Jam Busting June aims to encourage people to change the way they travel to work. It runs over a month, so people can get in the habit of using a new method of transport, or they can even try different methods until they find the one that suits them. It is considered an opportunity for people to find a cheaper, greener, healthier and congestion busting way of travelling to work, but has surprisingly discounted motorcycles.

    This action runs contrary to the principles of Local Transport Plans ( LTP) which state that motorcycles should be included to help reduce congestion and help create a sustainable transport environment.

    Bikes and scooters can help to improve the environment, due to lower emissions and more efficient use of energy. They also help to improve mobility for women and young people as they can be cheaper to run and more convenient than other modes of transport such as buses.

    The MCI also supports these principles and actively campaigns to highlight the many benefits associated with riding a bike or scooter which include reducing congestion and journey times.

    In Bristol and surrounding areas covered by the joint-LTP, the number of motorcyclists Killed or Seriously Injured was 15% LOWER in 2003 (the last year for which figures are available), compared to a 47% increase in KSI's among pedal cyclists who are welcomed by the council-backed scheme.

    The City Council also wrongly states that motorcycle emissions are not regulated through EU regulations. They are, and the limits have been progressively tightened overall several years so that the majority of bikes on the road were built to be compliant with EU pollution regulations.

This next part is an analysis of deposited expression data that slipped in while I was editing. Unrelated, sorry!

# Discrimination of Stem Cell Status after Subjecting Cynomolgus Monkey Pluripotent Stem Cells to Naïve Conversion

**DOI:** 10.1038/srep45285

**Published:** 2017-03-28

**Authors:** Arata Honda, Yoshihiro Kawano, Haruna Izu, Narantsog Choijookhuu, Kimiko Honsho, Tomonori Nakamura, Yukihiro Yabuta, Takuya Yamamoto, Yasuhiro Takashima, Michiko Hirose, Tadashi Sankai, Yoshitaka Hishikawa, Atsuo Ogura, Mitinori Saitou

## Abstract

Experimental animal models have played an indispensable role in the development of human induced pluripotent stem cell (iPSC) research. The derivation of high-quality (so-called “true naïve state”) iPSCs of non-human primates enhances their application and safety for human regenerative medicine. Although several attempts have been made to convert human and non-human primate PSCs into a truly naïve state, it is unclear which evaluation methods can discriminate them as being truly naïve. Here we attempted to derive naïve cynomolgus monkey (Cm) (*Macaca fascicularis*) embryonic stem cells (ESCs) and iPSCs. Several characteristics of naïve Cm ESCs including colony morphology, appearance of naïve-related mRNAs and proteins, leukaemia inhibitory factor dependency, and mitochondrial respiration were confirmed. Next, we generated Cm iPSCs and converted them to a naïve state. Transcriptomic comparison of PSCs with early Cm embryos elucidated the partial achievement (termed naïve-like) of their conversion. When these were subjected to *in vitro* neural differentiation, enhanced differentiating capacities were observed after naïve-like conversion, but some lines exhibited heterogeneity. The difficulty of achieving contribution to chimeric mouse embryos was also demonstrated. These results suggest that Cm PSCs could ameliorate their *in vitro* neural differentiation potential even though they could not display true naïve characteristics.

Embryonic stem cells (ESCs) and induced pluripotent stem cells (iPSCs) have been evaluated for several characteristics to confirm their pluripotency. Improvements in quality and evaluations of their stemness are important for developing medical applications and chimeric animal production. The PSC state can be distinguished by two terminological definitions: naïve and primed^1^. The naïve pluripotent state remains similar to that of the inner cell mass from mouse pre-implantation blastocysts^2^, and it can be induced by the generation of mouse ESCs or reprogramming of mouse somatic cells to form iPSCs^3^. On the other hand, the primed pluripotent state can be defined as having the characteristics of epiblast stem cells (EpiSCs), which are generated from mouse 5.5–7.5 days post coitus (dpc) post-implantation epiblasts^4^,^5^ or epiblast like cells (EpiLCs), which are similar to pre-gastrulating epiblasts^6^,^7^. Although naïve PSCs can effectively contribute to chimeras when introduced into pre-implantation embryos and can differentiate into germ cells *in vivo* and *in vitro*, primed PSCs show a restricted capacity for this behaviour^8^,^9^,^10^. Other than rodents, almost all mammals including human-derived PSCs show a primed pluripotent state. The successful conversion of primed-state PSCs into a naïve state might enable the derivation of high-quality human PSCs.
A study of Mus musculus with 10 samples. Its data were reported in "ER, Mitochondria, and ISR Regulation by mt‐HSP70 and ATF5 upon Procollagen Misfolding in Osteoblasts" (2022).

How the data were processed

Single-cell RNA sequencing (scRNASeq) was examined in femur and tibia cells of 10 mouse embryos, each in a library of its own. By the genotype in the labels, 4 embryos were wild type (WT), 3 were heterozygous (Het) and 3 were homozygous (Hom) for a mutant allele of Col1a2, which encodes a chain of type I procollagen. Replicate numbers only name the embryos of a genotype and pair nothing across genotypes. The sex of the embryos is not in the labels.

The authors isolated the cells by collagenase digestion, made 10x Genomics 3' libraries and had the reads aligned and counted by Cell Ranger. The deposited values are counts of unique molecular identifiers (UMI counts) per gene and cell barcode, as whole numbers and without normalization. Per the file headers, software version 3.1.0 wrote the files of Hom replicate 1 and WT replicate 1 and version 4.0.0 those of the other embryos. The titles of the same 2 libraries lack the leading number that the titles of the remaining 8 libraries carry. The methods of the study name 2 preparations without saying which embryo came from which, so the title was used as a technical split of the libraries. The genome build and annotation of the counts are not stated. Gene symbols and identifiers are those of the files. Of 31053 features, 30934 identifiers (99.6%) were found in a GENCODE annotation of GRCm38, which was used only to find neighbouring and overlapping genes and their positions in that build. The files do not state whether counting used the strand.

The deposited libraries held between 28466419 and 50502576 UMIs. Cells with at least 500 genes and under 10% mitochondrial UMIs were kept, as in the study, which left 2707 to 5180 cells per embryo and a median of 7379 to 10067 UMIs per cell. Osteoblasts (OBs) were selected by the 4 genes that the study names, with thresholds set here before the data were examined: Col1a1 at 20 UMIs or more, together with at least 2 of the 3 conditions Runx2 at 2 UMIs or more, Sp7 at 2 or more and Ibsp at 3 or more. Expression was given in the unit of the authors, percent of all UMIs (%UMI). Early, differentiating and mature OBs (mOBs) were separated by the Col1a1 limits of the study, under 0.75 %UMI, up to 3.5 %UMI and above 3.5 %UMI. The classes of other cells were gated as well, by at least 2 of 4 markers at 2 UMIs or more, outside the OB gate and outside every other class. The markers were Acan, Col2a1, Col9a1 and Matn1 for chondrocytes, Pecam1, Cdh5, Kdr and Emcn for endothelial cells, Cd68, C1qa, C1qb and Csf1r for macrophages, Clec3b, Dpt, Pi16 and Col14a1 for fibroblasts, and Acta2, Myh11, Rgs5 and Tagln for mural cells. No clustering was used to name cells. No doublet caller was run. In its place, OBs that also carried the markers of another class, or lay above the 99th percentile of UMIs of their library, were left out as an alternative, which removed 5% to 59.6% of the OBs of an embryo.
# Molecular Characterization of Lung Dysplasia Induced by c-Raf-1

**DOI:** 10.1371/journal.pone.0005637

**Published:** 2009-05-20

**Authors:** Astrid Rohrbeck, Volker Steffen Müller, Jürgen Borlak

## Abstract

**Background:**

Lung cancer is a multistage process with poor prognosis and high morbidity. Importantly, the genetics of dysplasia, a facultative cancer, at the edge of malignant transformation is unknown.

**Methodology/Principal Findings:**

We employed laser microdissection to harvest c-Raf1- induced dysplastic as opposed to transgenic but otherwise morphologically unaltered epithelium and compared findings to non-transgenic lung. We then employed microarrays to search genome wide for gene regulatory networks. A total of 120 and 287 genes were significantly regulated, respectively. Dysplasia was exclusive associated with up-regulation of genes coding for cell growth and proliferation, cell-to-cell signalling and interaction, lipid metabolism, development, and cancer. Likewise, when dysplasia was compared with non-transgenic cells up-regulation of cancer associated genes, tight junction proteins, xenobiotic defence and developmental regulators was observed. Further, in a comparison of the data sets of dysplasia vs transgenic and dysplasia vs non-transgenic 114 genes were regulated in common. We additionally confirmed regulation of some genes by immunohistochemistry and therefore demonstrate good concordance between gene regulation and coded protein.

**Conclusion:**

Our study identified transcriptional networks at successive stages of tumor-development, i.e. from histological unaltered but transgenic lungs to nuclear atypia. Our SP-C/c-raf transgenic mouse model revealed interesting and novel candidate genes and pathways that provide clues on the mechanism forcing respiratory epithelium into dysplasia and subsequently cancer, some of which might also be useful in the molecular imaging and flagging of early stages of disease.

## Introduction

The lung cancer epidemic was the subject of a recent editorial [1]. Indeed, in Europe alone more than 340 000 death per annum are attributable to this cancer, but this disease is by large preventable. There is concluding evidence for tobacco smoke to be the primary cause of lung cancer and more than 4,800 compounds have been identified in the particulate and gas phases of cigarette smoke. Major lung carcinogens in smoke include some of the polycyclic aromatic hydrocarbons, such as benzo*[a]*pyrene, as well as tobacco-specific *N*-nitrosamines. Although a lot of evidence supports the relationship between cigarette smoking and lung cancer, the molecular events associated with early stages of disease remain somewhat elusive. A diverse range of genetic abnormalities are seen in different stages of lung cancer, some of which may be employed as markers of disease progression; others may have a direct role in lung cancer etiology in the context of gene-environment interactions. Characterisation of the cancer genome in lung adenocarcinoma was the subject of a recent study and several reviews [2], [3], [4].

The government's Motorcycling Strategy released in February states "the total level of urban emissions from motorcycles is minimal compared to other traffic sources... Our priority will be to focus on more significant sources." By claiming Motorcycles are too dirty to be included in 'Jam Busting June' the council is not only wrong, they appear to be running counter to government policy.

    The Government's Motorcycling Strategy also states their intention is "... to facilitate motorcycling as a choice of travel within a safe and sustainable transport framework" and that Local authorities... "have a key part to play."

    Craig Carey-Clinch, MCI's Director of Public Affairs said, "Bristol City council is considered a beacon council by many motorcyclists and transport related associations. Bristol is one of the councils who permits the use of bikes in bus lanes and is usually pro-active and supportive of powered -two wheelers.

    "This campaign is a step backwards and is neglecting to include bikes and scooters as a method of transport that can help reduce congestion, require less parking space than a car and is considered by government to be a credible alternative to a single occupancy car."

    Commenting on the Jam Busting June omission of Motorcycles Tony Sharp Vice President of the IHIE whose recent Guidelines for Motorcycling ~ Improving safety through engineering and integration built on the Government's national Motorcycling Strategy said, " The IHIE supports any initiative to reduce the numbers of single occupied cars, especially in such congestion hotspots as Bristol.

    "But to ignore such a significant section as motorcycles and treat them in the same way as motorcars is a nonsense and would seem to fly in the face of Local Transport Plan (LTP) guidance which has identified the significant role that Motorcycles can plan in meeting Key targets of LTP's with regards to Congestion, Access and Integration"

    "Despite this Bristol seem to have convinced themselves that motorcycles have nothing to offer and their use would discourage people from riding bicycles which given the distance that many people travel to get into Bristol is in itself a nonsense".